Data for the People by Andreas Weigend : a Book Review


The book goes into how to make data work for people, making a positive impact to people while taking into account individual privacy. Granted that while there are many governments providing data protection frameworks such as the PDPA (Personal Data Protection Act) in Singapore, after being in the field for a while, I believe businesses can do more to protect individual privacy while making a positive impact through the customer data collected.

The first part of the book shares a lot of examples of companies such as Amazon, Facebook, Google and the likes on how data is used for the benefit of people. It gives everyone, both in and out of the industry, a very good idea of how their data is used to provide detailed insights on customers. I am very sure the examples provided will surprise readers with a few exclamation marks.

After the examples, the author moves on to how data can work for the people. His proposal is Transparency and Agency.

Transparency is about getting the technology firms or any firm that uses data (the author calls them “data refineries”) to be transparent about how they use the data, how the data is being processed and what kinds of insights are provided by the data. My take on transparency is, data refineries can, to a certain extent, provide transparency, but whether the transparency level is enough will definitely be debatable. This is because the ways these data refineries use the data provide them with a competitive advantage. No sane business owner will be willing to show everything to their competitors for fear of losing their competitive edge.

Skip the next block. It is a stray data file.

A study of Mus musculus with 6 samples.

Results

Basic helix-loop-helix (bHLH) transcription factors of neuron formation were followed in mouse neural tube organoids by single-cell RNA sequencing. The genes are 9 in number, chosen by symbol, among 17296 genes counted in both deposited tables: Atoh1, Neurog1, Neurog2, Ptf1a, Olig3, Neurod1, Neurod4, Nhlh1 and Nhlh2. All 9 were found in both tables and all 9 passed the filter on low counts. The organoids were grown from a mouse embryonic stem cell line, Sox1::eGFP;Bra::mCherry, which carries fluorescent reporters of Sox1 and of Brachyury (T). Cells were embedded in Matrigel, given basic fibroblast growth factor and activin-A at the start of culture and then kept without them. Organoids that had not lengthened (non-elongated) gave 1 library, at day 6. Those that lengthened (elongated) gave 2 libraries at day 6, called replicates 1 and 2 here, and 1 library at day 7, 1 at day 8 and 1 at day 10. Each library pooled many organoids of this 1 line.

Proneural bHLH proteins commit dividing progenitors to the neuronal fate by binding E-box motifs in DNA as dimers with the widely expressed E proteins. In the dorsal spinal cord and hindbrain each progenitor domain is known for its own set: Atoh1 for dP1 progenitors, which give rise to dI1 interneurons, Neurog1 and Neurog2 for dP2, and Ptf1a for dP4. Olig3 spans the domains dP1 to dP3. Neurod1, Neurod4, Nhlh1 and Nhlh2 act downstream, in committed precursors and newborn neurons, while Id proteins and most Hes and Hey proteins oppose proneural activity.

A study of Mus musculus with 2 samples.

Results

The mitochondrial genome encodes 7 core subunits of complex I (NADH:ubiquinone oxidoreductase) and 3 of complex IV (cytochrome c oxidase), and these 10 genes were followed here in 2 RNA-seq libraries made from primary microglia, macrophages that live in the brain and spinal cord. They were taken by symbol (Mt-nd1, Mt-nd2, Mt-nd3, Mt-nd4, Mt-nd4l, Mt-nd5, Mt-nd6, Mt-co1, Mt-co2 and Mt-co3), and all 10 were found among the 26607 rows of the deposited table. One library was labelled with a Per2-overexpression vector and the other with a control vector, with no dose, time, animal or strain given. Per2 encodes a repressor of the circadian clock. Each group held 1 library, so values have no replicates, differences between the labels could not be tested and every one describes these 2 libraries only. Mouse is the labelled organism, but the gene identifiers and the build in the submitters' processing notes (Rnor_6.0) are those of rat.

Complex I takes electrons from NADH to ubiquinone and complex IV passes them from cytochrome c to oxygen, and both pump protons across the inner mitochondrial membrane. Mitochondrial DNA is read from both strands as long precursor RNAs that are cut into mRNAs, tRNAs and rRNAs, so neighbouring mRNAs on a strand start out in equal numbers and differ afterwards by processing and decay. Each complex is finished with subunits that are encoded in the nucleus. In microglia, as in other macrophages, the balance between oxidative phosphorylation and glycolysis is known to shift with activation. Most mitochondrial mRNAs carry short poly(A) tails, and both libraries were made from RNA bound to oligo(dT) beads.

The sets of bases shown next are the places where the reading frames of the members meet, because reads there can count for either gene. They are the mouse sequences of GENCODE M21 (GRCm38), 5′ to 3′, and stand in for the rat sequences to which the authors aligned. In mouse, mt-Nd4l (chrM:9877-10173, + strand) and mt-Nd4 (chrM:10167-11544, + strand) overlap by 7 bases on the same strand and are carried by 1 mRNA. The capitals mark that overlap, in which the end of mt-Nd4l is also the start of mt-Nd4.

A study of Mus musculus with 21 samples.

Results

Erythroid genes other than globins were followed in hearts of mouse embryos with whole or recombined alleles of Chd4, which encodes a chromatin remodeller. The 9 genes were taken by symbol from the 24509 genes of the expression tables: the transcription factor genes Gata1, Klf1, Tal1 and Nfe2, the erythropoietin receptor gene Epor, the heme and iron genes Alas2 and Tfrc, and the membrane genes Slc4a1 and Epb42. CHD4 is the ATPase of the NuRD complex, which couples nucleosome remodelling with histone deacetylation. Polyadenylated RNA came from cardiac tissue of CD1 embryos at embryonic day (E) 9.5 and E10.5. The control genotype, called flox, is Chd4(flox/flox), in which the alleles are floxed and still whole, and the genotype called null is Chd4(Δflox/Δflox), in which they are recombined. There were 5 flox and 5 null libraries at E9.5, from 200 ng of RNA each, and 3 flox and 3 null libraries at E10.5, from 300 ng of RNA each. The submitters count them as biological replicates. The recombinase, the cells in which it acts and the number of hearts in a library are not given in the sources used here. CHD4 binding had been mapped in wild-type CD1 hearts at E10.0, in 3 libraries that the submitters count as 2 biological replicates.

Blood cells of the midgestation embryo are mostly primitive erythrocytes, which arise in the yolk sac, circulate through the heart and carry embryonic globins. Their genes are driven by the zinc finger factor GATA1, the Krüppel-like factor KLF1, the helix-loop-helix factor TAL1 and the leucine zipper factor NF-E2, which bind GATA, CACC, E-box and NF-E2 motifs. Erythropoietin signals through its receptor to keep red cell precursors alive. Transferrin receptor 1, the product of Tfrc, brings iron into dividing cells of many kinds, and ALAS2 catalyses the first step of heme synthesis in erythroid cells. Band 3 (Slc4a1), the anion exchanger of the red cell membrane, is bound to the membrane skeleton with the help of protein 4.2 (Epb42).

Agency is about giving control back to consumers, to let consumers decide how much and which data they are willing to let these data refineries have so that data refineries can continue to provide data-driven services to customers. It is an interesting concept but the premise is that more people will start to understand the value of their data, how they can benefit from their own data and what the potential red flags are when data is shared with the data refineries.

Conclusion

I enjoyed the audio-book tremendously, getting new ideas on what insights can be derived from data. I like the two ideas, transparency and agency, that the author has proposed, giving information and power back to consumers. The author also proposed ideas to implement the two ideas. I like most of them but I feel that some of them are not feasible. Overall, my rating is 4 out of 5 stars for it.